Olusegun Odejobi: Contracts in Entertainment Industry (1)

A contract is a legally binding agreement which spells out the rights and obligations of the parties to the agreement and is intended to be enforceable by existing and applicable laws. The two types of Contract are: Oral and Written. For the purpose of this article, we shall be looking at Written Contract as it is the prevailing type in the Entertainment Industry in Nigeria.

Due to the nature and implications of entering into a Contract, it is pertinent to note that any party intending to go into an agreement, contract, etc. should have the answer to these questions and more at the back of his or her mind:

What considerations should guide contracting parties when entering into binding entertainment agreements?
• What are the red flags?
• What fundamental terms should the parties look out for?
• Are the terms in my best interest?
• When is it appropriate to just walk away?
• Will these terms allow me to walk away when it doesn’t favour me?

Guided by the responses to these above listed concerns, I hope that at the end of this article, stakeholders would be better equipped going forward in dealing and engaging in contracts seamlessly. For the purpose of this article which will be divided into 2 parts, we shall be illustrating with the Music sector of the entertainment industry.

Creative minds are the pillar of the Nigeria entertainment industry; it is very disheartening to learn of how several talented artistes have entered into contracts perceived to be unfavourable, oppressive and unfair. This must be juxtaposed with the position of producers and record labels which is always high handed and exploitative. The irony of it all is that these artistes not only enter into those contracts with their eyes open, they also fail to recognize that investments made by these record labels and producers need to be recouped and returns on them maximized. Hence, the need to exploit the artistes which then leads inexorably to legal battles between artistes and their management, a battle they both could have avoided.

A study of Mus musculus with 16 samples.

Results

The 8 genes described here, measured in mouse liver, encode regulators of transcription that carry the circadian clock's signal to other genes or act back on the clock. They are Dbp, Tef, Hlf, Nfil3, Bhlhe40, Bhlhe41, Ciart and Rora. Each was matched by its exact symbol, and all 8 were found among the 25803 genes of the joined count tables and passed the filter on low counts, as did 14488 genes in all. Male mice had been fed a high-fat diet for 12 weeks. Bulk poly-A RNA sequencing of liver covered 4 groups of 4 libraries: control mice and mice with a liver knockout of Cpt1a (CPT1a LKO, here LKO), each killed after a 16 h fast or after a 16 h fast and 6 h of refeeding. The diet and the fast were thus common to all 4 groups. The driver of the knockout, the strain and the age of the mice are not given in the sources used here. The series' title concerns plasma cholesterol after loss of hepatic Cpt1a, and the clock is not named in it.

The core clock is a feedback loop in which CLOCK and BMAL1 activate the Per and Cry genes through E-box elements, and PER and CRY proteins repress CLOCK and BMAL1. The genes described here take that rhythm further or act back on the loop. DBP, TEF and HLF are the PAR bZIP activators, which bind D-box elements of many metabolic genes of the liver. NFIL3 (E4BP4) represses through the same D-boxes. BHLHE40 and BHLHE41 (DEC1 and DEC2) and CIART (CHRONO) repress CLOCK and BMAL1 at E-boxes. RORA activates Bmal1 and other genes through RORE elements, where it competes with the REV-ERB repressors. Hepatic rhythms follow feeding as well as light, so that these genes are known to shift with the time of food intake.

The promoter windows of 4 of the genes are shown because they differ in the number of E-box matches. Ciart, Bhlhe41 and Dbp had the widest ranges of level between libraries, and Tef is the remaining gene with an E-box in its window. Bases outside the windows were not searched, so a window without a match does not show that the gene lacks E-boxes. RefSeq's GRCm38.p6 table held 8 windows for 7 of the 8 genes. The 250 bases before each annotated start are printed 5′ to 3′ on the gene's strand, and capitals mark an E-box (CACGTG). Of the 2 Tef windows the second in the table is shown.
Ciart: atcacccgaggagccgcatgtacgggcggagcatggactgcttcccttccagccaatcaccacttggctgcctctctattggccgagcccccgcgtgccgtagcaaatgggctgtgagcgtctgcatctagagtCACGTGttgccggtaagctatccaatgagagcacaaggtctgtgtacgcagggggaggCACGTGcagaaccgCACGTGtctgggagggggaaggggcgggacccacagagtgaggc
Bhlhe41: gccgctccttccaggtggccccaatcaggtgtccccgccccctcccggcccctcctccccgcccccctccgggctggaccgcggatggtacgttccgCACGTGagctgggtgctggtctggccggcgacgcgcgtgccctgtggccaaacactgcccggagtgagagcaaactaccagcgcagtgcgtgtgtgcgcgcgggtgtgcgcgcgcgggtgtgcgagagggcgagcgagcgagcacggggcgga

Artistes who have fallen victim at one point or the other will come up with the excuse that they signed these contracts at a point when they were hungry for fame and have little or no cash thereby selling their soul and mortgaging their future and career. This excuse makes them vulnerable and they become a prey to the managers and record labels alike.

……to be continued




Olusegun Odejobi is a Lawyer and Writer. He is passionate about helping brands and personalities reach their maximum potential. Reach him via olusegunodejobi14@gmail.com or @holu_segun on Instagram.